Poems by Bob Beagrie
Alfred in Guthrum’s Tent
After Daniel Maclise’s 19th Century masterpiece
drag me through the frame
into a ripe imagined past
a minstrel’s fingers
pluck bittersweet notes from strings
to charm enemy ears
When the revellers
pass out will he draw a knife
to make their throats grin
gargle red ribbons
over grass underneath the gaze
of the winged god of the woods;
a key in each hand
I wonder what locks
they fit; which door, box or chest
each one keeps secure -
what lies within
This minstrel is the Marsh King
glancing over his shoulder
at unknown Englands
a divided land
to fertilise the earth
drench the sky
But it’s the thunder in his face,
vengeance smouldering in his brain
that spooks me
standing in this gallery
we are crucified
all of us, on the crossroads
Something skew-wiff approaches from stage left.
Pass me our eye Sister, so that I may spy.
Is it a man? He may fall for me, for one of us!
Take us from this grey world into a realm of love.
Tch, that time has long gone, Sister, if ever it was here
faded by the time it flourished, my dear.
What are we, Sister? I have forgotten.
They called us Widows of Perpetual War
but I don’t recall any husband in my past’s shards.
And what have we become?
We are rags and bones my Sister, figurine in exile.
We are rocks, sand and surf. We are vermin
scratching at the threshold of order, sleeping
within the hollow of a blown tern egg, watching
menopausal waves swell beyond the scar;
two whole months of blood.
Where are we, Sis? Kiss me, pass over our slug
tongue so I may taste the tremors of this place
where Orpheus sings sad songs of loss, where we squat
in the charnel reek of the deep cave mouth.
Hand me our snaggle tooth, Sister, so I can chew
this gristle, strip off fat, scrape skin and sinew.
Sister, sisters, what shall we become?
Gymnasts, my sweet, with perfect balance, tight-roping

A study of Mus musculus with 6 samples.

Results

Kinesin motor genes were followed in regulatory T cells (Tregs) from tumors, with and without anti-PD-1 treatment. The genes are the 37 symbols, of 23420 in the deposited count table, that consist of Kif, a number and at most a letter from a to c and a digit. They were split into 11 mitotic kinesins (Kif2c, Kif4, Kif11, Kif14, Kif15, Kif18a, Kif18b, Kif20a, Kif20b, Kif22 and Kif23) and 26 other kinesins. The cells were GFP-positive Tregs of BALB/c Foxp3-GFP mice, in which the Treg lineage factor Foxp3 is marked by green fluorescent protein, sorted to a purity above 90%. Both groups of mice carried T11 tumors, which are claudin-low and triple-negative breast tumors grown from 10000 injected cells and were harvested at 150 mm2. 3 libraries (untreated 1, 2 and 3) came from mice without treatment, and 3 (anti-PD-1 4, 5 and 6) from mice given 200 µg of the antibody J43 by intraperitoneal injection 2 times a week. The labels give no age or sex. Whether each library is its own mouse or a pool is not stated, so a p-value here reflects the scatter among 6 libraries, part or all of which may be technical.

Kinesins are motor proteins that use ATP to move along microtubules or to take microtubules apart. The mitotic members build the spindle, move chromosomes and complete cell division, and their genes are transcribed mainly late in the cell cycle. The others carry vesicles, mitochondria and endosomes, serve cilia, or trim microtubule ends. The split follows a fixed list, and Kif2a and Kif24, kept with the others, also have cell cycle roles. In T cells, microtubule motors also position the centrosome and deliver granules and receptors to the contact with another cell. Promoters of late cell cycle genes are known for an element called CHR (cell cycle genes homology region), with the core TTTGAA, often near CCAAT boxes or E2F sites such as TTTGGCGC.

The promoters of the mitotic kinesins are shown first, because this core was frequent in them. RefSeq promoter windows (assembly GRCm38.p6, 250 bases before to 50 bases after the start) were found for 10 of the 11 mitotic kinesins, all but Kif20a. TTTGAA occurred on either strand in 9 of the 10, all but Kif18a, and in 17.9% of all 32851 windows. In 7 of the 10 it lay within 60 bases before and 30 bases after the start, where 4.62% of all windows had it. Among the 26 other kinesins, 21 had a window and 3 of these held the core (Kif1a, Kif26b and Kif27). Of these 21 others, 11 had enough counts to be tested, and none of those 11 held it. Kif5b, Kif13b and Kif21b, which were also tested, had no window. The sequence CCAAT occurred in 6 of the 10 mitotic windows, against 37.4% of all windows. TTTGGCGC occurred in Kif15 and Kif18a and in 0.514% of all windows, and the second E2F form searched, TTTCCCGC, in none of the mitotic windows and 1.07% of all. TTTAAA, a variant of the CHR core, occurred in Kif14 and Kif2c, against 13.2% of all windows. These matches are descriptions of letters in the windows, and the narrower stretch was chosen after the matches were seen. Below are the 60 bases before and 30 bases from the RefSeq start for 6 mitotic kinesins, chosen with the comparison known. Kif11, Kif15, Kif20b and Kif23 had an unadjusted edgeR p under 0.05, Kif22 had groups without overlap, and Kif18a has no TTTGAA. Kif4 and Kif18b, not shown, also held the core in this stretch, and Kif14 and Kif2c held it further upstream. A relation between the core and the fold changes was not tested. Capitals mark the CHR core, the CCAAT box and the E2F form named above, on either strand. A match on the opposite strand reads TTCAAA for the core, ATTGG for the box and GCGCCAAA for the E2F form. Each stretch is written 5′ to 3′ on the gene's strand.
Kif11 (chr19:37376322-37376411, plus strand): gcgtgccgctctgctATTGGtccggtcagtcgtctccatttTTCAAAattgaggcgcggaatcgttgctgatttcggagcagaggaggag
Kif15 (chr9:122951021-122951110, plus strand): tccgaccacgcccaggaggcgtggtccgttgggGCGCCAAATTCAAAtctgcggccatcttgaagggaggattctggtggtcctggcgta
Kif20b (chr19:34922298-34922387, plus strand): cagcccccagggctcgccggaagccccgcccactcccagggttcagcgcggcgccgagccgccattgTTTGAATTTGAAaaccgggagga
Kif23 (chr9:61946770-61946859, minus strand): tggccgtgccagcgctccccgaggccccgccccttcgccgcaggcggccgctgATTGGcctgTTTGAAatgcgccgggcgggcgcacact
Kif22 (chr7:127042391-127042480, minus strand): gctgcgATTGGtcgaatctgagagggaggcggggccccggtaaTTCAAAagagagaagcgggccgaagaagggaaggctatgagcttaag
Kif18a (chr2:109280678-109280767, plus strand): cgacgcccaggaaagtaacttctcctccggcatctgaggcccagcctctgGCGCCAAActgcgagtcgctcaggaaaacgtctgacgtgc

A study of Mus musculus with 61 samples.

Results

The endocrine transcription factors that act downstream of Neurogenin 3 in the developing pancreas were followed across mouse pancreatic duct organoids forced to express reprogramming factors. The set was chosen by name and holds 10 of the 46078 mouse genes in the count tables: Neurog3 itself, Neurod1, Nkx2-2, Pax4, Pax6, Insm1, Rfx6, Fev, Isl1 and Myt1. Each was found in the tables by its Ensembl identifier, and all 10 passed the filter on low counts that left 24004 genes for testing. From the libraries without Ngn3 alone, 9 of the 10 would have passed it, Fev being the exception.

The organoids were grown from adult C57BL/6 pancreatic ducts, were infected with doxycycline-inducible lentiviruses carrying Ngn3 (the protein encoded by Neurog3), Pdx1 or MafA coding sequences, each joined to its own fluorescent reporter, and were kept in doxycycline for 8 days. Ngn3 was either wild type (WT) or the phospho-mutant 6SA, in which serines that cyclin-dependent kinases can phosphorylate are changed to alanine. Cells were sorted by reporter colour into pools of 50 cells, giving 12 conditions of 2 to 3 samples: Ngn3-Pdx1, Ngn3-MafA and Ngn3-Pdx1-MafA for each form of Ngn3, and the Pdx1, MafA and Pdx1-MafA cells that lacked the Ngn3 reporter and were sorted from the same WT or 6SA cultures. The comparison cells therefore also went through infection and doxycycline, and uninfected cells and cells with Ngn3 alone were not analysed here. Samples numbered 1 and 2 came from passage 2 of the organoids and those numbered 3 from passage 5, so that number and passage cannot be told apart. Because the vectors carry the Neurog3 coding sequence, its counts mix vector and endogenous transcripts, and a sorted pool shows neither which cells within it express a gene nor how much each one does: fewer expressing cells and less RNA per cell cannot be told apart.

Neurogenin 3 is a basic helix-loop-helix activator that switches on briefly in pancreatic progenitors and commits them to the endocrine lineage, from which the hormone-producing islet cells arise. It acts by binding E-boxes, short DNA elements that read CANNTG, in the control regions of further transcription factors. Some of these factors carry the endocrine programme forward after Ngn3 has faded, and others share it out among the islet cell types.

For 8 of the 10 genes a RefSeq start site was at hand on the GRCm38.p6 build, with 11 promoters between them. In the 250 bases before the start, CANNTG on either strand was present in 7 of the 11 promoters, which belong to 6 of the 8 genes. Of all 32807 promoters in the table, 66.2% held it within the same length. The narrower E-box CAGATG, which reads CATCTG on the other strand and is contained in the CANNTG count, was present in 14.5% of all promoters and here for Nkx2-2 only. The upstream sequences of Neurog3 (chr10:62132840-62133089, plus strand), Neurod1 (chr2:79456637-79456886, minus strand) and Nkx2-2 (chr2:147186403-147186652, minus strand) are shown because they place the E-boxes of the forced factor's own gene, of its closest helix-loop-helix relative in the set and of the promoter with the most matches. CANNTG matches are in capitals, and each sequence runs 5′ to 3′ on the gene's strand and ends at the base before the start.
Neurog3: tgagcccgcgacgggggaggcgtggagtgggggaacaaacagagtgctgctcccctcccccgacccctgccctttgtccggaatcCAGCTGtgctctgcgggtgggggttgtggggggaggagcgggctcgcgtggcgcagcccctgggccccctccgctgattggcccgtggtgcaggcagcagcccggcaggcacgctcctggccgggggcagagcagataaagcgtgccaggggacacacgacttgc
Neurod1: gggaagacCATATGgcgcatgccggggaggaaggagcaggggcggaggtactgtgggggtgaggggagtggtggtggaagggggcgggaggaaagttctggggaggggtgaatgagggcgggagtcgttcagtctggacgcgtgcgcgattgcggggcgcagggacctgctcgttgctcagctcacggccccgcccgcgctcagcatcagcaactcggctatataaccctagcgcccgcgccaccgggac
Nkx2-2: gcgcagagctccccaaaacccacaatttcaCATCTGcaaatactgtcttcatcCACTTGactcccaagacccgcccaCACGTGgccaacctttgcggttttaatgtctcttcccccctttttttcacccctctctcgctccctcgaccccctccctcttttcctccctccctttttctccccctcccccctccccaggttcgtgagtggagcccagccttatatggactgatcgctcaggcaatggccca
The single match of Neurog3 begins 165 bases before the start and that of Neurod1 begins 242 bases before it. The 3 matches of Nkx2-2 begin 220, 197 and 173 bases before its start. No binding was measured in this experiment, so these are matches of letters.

the borders with the grace of cirrus uncinus.
We shall blow pink bubbles with chewing gum –
mine shall be the biggest. No, mine will be the best!
What must we do, my Sisters?
Draw old pacts in damp sand with picked clean bones.
Scrape the silver from the moon. Pass me the eye, Sister,
the one we stole from a stranger. We must decipher
the monologic view, refract it’s gaze in water prisms;
weave wyrd threads between ante-life and after-life,
skate around the frozen sea, wait for the blood to stop.
About the poet
Bob Beagrie is a poet, playwright and Senior Lecturer in Creative Writing at Teesside University. He has performed at numerous festivals and venues nationally and internationally, including The Royal Festival Hall – South Bank Centre, Theatre Royal Newcastle, Crossing Borders Festival – Amsterdam, Kiasma Museum of Modern Art – Helsinki, Down By The Laiturri Festival – Turku, The Haganum Festival – Den Haag, The Dylan Thomas Centre – Swansea, The Poet's Café – Silvers, Portugal and The Poetry Café London. He has received commissions from Arts Council England, The Hydrogen Jukebox Cabaret of The Spoken Word, Redcar & Cleveland Borough Council and Hartlepool Borough Council, The Laing Gallery Newcastle and Helsinki Refugee Centre. As well as collaborating with musicians he has also worked closely with visual artists on public artworks and with theatre company Three Over Eden.
He is co–director of Ek Zuban Press, a independent publishing house which produces Kenaz magazine, and bi-lingual poetry editions drawn from international exchange projects. Ek zuban also delivers creative writing, reminiscence and local history projects with community and education groups across the North of England, often culminating in performances and/or publication of participants work.
Ek Zuban also runs the regular Middlesbrough-based live literature event, The Electric Kool-Aid Cabaret of the Spoken Word.